On Monday, April 23, 2012, I participated in a roundtable discussion at Explorer Middle School with local leaders from both the private and public sectors about initiatives that inspire Science, Technology, Engineering, and Math (STEM) in today’s K-12 students. I was honored to be invited to participate in the event because I firmly believe that educating and inspiring our children in the areas of STEM is vital to our future. The children of today are the leaders of tomorrow, and it is our duty to ensure that we help them grow into the best leaders that they can be.
Surrounding our roundtable were students showing off their science projects, fair style. I especially enjoyed meeting Peter Kienast, a retired Engineer who donates his time as an Outreach Volunteer at Crest Engineering. Crest is a science and technology program available to high school students as an alternative curriculum in the Paradise Valley High School District. Seeing the connection Peter had with two of the Crest students who were at the event, and the level of passion they had for science, convinced me to offer them an on-site visit and tour of the Go Daddy Data Center.
The nonpartisan roundtable, led by U.S. Representative Ben Quayle (Ariz.), was attended by:
Business Community Representatives:
- Darcy Renfro, Vice President and Director of STEM Initiatives, Science Foundation Arizona
- Steve Zylestra, President & CEO, Arizona Technology Council
- Robert Rasmussen, Director of Engineering, Honeywell
- Carlos Cantreras,U.S. Education Director, Intel Corporation
- Dave Koopman, Chief Scientist, Go Daddy
- Tim Walker, Senior Manager, General Dynamics
- Dr. Jim Lee – Superintendant Paradise Valley School District
- Ms. Mariann Bursi – Principal, Explorer Middle School
- Ms. Linda Coyle – K-12 CTE/STEM Curriculum Specialist
The message I brought to the table:
Go Daddy is the world’s largest Web hosting provider and domain name registrar, with nearly 3500 employees, 120 open positions, tens of thousands of servers in world-class data centers, and no signs of slowing growth. It is in our best interest, and that of our nation’s economy, to do everything we can to help build the next generation of engineers and computer scientists. Here are a few of the things we’ve been doing:
- For the past two school years, Go Daddy has sponsored iProjects at ASU College of Technology and Innovation. In iProjects, students collaborate with Go Daddy Engineers on a real project as part of their class curriculum.
- Last year, Go Daddy launched an internship program and hired 18 interns for the summer. Some have stayed to continue to work part-time through the school year. We have another group of interns lined-up for this summer and still a few open spots.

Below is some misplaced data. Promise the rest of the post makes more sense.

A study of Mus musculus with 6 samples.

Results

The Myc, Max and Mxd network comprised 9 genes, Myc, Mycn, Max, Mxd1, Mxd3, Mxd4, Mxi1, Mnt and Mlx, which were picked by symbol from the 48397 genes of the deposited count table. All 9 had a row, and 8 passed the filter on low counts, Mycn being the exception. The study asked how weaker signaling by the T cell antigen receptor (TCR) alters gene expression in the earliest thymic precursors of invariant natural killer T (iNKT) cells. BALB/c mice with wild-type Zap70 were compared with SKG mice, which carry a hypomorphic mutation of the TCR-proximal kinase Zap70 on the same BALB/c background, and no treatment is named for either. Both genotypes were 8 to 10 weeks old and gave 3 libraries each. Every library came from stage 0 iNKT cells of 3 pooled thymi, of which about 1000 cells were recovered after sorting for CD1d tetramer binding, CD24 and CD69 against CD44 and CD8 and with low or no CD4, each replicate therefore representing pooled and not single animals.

- This year, Go Daddy offered $120 gift cards to all Arizona-based FIRST teams. FIRST is a high school robotics competition that celebrates STEM. We’re also inviting two FIRST teams to attend our internal technology conference, TechFest, to demo their robots and tell nearly 1000 Go Daddy Engineers and Operators how they may mentor or donate their expertise and time next year.
Some ideas that came out of the roundtable for improving STEM programs, in a very short summary:
- Allow K-12 shadowing – Private companies can let students visit their offices to see what it’s like to work there.
- Provide sponsorship – Private companies may sponsor local STEM programs.
- Encourage mentors – Private companies can encourage employees to donate their time, and even allow them time off from work to mentor students.
- Create a STEM culture – Schools can build STEM into the culture of the school, method of teaching, and encourage it in the philosophies of the parents.
- Make STEM a team sport – Instead of individual study for a grade, forming teams helps teach students to work together to solve problems. Fostering healthy competition between teams adds a sense of excitement and importance, which are essential for deep learning.
I understand that it’s sometimes hard for private companies, especially small ones, to make commitments such as these due to the pressures to turn a profit. But, I urge you to dig deep and find a way to give back to the education of our children. These young people are our future. Let’s give them the tools and experiences they need to innovate and do amazing things.